Three insights from AOP Council

The latest AOP Council meeting saw discussions on sustainability and a project exploring eye care over the whole life course

AOP gavel

Sustainability, strategy and eye care across the whole life course were among topics discussed latest AOP Council meeting (2 November, London). OT shares a snapshot of discussions from the day.

1 The AOP has published its five-year strategy

AOP chief executive, Adam Sampson, highlighted that the AOP has published its five-year strategy.

The strategy has a greater emphasis on the external facing work of the association and re-engaging with the political landscape, Sampson shared.

He highlighted increasing engagement with policymakers through partnerships, such as The Eyes Have It.

“We have to be clear that once we have influence, it is what we do with it that matters,” Sampson observed.

2 Sustainability in the spotlight

AOP Council considered a series of recommendations by the policy committee regarding sustainability.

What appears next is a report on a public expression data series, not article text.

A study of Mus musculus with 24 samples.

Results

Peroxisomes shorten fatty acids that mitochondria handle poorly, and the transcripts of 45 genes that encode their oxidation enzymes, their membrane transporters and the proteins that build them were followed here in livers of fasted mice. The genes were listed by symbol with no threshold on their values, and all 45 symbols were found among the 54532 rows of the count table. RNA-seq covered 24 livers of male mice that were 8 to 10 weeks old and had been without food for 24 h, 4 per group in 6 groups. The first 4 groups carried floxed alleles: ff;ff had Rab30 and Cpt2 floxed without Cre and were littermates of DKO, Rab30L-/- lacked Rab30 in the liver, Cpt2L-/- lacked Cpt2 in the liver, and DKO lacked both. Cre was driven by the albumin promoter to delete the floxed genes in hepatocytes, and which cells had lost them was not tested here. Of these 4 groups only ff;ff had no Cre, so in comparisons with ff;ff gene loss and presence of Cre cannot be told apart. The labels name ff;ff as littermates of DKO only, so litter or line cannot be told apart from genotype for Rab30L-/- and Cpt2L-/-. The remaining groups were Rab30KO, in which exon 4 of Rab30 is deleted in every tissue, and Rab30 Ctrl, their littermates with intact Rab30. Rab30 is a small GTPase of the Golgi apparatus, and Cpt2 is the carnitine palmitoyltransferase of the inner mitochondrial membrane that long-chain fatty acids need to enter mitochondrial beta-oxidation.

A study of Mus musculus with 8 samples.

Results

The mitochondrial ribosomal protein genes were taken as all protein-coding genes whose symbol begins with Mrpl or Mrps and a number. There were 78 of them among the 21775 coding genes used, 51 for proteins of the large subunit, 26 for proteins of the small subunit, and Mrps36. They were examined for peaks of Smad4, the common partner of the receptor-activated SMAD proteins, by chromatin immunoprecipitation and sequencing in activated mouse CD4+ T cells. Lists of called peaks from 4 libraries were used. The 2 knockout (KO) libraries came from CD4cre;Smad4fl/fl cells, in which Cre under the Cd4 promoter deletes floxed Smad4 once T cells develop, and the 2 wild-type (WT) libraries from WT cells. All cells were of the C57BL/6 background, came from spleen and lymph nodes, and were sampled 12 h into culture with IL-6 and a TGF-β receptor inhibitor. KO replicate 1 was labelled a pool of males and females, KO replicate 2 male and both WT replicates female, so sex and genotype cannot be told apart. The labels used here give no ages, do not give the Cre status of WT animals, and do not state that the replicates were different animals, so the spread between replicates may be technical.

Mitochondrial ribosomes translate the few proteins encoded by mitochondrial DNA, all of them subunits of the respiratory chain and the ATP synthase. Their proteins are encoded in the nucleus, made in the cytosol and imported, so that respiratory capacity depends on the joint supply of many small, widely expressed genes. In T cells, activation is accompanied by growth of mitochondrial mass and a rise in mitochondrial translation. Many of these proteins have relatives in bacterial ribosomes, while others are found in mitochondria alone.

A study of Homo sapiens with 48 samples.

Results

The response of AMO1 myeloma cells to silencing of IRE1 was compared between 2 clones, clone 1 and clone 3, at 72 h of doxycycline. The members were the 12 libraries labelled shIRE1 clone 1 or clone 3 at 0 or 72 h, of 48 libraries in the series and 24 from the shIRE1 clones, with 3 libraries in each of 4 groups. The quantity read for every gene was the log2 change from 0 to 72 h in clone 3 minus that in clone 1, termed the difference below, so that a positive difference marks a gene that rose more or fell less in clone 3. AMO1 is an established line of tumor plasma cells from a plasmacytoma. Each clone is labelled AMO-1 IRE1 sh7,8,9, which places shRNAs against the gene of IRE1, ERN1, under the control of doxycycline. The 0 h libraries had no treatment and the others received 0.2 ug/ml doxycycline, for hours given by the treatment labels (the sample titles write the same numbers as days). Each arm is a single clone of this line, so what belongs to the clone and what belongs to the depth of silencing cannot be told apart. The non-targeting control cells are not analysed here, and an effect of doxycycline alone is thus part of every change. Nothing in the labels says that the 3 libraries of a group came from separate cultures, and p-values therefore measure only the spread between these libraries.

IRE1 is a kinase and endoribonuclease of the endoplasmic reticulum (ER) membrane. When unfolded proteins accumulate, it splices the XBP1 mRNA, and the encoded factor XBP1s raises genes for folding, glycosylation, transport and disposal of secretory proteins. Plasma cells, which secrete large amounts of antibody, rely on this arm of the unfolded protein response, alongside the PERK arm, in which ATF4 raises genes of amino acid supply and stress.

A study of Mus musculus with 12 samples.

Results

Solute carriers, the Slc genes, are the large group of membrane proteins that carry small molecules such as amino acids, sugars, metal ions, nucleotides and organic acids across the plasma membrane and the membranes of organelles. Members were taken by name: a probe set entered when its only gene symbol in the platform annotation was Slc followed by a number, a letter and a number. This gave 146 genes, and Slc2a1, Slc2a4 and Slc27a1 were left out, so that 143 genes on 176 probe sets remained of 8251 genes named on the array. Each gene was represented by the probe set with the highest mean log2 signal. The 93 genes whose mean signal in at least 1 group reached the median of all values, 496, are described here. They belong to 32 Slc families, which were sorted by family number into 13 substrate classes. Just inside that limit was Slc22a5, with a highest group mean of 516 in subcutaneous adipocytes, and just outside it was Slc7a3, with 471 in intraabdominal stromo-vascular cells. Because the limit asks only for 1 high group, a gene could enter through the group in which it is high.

Recommendations include researching the environmental impact of the optical sector, gaining an understanding of green credentials, and exploring how many optical practices have an environmental policy.

AOP Councillor Angela Henderson suggested the production of a ‘how to guide’ for practices – detailing straightforward ways to make a practice more sustainable.

Fellow Councillor Francesca Marchetti emphasised the importance of patient education – for example, by instructing patients not to put contact lenses down the toilet and encouraging them to make use of recycling schemes.

Nizz Sabir highlighted the value of incorporating energy efficient design into practices and considering the patient journey, while Will Holmes wondered what role obsolescence plays in optical products.

3 Eye care for all ages

AOP policy adviser, Kathy Jones, introduced the Whole Life Course initiative – a three-year project that the AOP is working on to illustrate the role of optometrists in supporting patients throughout their lives.

This ranges from eye care in pregnancy and during the early years of development, through to school age children, young adults, those of working age and older people.

Jones highlighted that the AOP is keen to hear from optometrists who are interested in in championing a stage of care within their area.